Lundin makes minor oil discovery in North Sea
Oil and gas company Lundin Energy Norway has made a minor oil discovery near the Solveig field in the North Sea off Norway.
The well 16/4-13 S is located production licence 359 where Lundin is the operator.
The Norwegian Petroleum Directorate (NPD) said on Friday that Lundin has now concluded the drilling of wildcat well 16/4-13 S.
Lundin drilled the well about 15 kilometres south of the Edvard Grieg field in the central part of the North Sea and 190 kilometres west of Stavanger.
The objective of the well was to prove petroleum in reservoir rocks from the Triassic to Paleozoic Age. The well encountered an oil column of 10 metres in conglomerate sandstone in these rocks, about 7 metres of which with moderate to poor reservoir quality.
The oil/water contact was encountered 1950 metres below the sea surface. The entire reservoir, including the water zone, consists of conglomeratic sandstones and in a thickness of about 380 metres.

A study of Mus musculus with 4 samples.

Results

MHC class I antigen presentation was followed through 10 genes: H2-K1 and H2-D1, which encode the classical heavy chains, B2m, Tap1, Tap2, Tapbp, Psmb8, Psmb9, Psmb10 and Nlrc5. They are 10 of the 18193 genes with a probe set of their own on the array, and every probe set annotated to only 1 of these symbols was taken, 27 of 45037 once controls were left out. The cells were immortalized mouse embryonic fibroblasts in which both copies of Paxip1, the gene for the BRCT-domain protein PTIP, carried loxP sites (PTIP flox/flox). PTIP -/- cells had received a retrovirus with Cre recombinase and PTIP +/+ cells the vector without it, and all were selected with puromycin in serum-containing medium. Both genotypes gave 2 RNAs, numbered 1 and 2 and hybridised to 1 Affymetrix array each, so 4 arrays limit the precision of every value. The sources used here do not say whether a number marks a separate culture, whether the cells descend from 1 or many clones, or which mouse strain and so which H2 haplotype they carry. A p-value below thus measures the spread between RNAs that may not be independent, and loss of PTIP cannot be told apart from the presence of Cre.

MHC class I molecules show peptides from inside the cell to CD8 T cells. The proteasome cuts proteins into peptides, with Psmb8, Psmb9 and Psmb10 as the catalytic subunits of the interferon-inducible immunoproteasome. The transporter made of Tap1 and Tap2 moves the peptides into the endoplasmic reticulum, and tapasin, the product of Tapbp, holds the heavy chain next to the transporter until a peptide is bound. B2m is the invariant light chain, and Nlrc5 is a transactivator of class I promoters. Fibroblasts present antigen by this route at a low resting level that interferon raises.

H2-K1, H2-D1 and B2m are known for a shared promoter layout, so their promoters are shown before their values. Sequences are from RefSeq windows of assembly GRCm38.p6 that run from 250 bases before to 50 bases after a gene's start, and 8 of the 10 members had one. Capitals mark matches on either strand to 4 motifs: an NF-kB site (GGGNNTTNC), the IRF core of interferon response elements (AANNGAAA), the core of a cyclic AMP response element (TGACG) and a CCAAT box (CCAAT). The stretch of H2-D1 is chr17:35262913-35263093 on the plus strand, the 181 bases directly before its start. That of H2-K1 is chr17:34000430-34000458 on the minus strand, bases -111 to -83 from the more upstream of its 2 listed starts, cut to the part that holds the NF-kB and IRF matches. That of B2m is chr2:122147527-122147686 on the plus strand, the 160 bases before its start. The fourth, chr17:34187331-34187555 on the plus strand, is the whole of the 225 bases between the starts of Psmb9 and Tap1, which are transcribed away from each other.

According to the NPD, preliminary estimates place the size of the discovery between 0.5 and 1.4 million standard cubic metres (Sm3) of recoverable oil equivalent. The licensees will assess the discovery with regard to a possible tie-in to the Solveig field.
Extensive data acquisition and sampling have been carried out.
This is the sixth exploration well to be drilled in the Lundin-operated production licence 359, which was awarded in APA 2005.
Lundin drilled the well to respective measured and vertical depths of 2,422 and 2,325 metres below sea level and was terminated in Paleozoic rocks. Water depth at the site is 100 metres. The well will be permanently plugged and abandoned.
It was drilled by the West Bollsta drilling rig, which will now drill the production well 16/4-BA-1H on the Solveig field in production licence 359 in the North Sea for Lundin.